I read an interesting report recently that claimed the average insured individual spends just minutes evaluating their coverage options during open enrollment. While not surprising, it is interesting when you think of how important this decision is when it comes to how that person ultimately receives care – not to mention the impact to their pocketbook. I don’t claim to have the answer… but I have some ideas.
In the last few years, payers have spent millions of dollars on transparency tools that allow members to better understand the cost of care. Want to know how much that knee surgery will cost? There’s an app for that. Now, what if that same member wants to know how efficiently they used their insurance plan over the year. The answer is not so simple.
My theory is that payers don’t provide their members with adequate information to thoroughly evaluate plans during open enrollment. In fact, it’s almost impossible to do, so shoppers don’t spend much time looking at the grass over the fence. As payers, we know what prescriptions a member fills, which doctors they see, and the preventative services available to them that they may or may not use. Based on that information, can we do a better job of providing our members with some guidance? That might mean confirming that the plan they have is a good fit, or providing them with alternative plans that may work better. Even simpler, can we show our members an end of year statement that calculates what their costs would have been without insurance?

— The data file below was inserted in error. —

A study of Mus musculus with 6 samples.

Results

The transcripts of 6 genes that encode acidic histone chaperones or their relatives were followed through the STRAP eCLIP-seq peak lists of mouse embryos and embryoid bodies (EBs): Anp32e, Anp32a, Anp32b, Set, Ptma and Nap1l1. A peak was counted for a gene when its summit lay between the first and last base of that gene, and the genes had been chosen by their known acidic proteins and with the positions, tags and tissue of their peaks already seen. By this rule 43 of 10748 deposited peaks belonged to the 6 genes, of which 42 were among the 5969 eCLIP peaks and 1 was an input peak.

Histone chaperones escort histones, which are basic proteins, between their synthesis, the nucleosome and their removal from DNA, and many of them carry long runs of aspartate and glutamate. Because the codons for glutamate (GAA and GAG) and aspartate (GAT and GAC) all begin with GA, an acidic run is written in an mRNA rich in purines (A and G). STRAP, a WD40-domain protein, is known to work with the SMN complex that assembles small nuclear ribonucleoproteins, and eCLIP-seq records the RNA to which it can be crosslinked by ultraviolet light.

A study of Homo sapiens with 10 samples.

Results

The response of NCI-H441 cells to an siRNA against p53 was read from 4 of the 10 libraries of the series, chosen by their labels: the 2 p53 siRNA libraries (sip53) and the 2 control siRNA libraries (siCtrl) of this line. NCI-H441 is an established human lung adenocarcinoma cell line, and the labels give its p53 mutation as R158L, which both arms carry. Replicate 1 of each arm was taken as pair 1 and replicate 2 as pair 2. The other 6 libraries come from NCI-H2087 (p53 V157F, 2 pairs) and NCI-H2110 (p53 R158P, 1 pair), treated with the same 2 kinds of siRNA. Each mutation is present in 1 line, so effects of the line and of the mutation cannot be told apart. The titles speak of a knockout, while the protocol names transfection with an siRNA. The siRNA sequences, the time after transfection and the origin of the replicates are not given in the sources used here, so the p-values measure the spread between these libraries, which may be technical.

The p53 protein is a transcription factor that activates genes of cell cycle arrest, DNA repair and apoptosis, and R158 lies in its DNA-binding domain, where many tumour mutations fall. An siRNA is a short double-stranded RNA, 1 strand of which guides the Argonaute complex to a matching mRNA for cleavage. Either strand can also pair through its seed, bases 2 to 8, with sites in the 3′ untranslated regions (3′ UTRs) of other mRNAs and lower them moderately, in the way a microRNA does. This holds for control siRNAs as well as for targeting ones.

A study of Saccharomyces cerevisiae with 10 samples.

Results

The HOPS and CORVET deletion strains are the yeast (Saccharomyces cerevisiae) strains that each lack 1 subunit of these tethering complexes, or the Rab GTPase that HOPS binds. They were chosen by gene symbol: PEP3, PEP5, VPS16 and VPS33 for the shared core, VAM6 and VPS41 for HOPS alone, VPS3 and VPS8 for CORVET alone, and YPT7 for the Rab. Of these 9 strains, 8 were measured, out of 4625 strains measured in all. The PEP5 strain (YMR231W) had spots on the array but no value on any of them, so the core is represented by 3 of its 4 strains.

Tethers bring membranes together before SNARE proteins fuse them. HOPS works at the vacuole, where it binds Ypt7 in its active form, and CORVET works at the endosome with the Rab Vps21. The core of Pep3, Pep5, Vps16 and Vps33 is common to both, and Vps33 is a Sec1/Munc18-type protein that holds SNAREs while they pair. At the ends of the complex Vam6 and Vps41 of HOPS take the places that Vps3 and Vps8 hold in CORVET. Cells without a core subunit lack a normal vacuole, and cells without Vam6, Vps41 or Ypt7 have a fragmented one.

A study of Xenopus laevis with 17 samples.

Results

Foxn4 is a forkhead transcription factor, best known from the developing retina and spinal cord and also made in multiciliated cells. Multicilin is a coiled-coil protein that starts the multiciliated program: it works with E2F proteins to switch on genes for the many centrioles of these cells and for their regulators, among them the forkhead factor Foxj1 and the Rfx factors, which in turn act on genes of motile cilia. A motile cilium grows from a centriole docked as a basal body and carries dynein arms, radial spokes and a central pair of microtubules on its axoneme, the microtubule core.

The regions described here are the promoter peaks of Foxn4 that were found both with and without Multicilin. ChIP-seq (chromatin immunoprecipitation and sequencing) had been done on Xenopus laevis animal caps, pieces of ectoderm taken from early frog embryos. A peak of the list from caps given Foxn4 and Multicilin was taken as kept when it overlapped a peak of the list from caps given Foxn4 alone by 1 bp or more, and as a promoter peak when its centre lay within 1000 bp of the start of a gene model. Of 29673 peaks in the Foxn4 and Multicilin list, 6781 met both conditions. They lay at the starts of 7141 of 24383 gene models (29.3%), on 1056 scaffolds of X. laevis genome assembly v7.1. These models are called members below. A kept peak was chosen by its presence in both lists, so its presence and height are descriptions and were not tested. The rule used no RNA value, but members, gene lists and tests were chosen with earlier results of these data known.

Before we go any further… I get it. Why would payers want to highlight lower cost plans to their members? Actuarial scientists beware! But while a member may select a plan with lower premiums, let’s look at the big picture: how does providing such information influence the lifetime value of that member? As insurers, we want our members to believe that we keep their best interests front and center when it comes to balancing the cost and quality of healthcare. To truly earn that place, how transparent do we need to be?
I would argue that all costs need to be on the table.
If you want a member for life, demonstrate that with each passing year. Use the rich information you have available to recommend the best possible plan for their needs, and provide them with information and tools that help them find and receive cost-effective care without sacrificing quality. This is what our members are asking for. And they have been asking for a while.
I wonder which payer will be the first to really listen and act. Who will be the first to recognize the lifetime value of their members?